My senior year in high school, up in Minneapolis, Minnesota, I had a crush on a girl named Nancy. She was the daughter of the school’s athletic coach, and had all the Nordic attributes a Norwegian scion like me could want: pale blond hair; pert, upturned nose; shimmering blue eyes; and somehow she managed to look gorgeous in a parka.
I didn’t think I could ever date her, but I found out that her Achilles heel was smoking. In direct defiance of her father, who continually threatened every athlete under his jurisdiction with a sincere beating if he ever caught them with a cigarette, she would light up a Benson & Hedges menthol and puff away as soon as she was out of school and at least ten feet away from her terrible father.
I heard her one day complain about how hard it was to come by ciggies, since back in those days the tobacco laws were not only draconian but strictly enforced across the board.
But I had an ace in the hole, since I worked at a grocery store part-time, stocking shelves, and had complete access to all the tobacco merchandise.
So I began giving her a carton of Benson & Hedges menthols once a week, usually on Monday – by which time she had gone at least part of the weekend starved for nicotine.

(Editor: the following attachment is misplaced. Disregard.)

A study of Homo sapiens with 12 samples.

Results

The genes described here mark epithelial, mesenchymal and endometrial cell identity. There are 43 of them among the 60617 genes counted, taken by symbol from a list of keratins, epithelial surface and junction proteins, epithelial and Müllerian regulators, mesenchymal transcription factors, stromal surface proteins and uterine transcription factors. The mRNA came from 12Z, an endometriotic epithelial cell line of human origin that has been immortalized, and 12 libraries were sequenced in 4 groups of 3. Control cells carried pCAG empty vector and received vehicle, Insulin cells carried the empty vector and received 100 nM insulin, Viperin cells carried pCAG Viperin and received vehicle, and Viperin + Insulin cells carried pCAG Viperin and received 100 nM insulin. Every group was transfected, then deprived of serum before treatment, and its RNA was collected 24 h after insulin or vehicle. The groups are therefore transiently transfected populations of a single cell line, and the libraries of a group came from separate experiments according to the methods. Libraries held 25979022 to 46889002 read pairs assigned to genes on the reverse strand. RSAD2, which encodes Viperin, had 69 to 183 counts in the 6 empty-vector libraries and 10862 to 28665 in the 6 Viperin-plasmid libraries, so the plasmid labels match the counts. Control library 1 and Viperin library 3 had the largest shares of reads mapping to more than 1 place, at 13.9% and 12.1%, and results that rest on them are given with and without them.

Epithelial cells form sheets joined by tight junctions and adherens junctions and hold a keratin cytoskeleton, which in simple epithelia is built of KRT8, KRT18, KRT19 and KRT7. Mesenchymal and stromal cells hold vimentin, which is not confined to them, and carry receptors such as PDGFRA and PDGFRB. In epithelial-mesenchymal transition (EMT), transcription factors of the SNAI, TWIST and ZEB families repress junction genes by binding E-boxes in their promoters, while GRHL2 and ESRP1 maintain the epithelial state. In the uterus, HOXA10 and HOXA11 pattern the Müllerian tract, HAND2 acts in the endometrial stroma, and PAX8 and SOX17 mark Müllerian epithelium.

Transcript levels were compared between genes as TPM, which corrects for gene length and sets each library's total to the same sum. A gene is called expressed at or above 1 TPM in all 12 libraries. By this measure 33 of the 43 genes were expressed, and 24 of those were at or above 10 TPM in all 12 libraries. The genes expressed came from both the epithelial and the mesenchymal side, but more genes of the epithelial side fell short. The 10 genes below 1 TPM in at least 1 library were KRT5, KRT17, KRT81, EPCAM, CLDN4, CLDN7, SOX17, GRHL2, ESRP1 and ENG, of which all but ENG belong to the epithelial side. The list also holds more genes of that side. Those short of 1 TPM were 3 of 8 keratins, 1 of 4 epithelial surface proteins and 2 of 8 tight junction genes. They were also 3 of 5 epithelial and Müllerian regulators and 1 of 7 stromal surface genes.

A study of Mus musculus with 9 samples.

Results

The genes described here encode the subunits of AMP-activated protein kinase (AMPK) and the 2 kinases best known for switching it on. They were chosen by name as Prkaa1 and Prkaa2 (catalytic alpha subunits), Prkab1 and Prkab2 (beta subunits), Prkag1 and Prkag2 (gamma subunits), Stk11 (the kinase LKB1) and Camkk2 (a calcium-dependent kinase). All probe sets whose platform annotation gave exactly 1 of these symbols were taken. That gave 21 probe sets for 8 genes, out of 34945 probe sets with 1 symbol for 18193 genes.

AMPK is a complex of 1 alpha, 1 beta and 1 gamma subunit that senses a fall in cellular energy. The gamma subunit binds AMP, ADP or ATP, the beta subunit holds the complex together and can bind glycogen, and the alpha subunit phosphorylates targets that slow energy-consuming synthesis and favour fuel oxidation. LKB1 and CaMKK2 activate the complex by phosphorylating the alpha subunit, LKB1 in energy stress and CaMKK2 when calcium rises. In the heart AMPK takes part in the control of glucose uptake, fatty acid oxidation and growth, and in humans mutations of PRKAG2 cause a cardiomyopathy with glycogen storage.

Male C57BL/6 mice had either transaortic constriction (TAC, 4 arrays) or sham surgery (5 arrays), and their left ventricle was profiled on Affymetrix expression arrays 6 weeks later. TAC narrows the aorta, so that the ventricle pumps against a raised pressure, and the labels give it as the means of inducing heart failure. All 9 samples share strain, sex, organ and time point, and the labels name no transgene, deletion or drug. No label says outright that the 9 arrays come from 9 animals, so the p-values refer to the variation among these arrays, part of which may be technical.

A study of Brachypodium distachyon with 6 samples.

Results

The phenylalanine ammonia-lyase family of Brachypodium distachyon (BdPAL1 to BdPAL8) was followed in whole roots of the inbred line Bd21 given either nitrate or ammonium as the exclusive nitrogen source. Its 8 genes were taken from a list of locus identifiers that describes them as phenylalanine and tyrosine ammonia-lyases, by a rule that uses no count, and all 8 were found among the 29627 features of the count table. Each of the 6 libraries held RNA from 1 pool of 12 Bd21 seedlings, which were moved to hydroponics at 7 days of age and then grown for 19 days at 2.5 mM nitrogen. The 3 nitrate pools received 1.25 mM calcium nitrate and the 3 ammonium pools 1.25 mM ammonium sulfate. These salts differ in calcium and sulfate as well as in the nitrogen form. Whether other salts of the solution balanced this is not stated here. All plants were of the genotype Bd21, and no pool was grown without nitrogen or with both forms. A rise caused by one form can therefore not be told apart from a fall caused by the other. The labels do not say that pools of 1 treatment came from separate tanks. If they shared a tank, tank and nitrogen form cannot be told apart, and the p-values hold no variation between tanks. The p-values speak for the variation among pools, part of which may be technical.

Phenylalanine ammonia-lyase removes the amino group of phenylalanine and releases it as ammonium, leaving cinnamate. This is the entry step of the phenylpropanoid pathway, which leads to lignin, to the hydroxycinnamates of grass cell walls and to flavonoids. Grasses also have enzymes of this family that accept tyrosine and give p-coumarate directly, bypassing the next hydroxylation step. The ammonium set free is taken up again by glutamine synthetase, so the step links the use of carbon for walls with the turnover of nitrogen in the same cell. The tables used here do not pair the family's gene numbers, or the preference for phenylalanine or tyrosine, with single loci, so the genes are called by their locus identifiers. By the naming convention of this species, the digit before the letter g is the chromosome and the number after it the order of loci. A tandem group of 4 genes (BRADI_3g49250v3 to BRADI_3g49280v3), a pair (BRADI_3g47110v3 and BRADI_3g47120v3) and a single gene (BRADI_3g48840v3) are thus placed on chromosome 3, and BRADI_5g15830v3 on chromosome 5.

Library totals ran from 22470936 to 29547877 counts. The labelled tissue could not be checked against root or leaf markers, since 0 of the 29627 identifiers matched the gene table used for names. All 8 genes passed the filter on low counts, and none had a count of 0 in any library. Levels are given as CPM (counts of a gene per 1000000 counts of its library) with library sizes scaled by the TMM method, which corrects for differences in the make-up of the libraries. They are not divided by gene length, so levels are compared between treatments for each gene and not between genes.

She was grateful. She was more than grateful; we briefly became a couple, even though I didn’t smoke at all. It made me cough and sneeze something fierce.
But it was a fool’s paradise. Or you might say that crime doesn’t pay. Any cliché you want.
The long and short of it was the storekeeper I worked for inevitably found out about the missing inventory, put two and two together, and tossed me out on my ear.
No ciggies meant no romance with Nancy. She dumped me like a plate of cold lutefisk the first week of November.
I recall that particular Thanksgiving and after as being extremely cold, nasty, brutal, and, on my part, rather goatish in the imagination.
But at least I learned never again to romance a woman who smokes.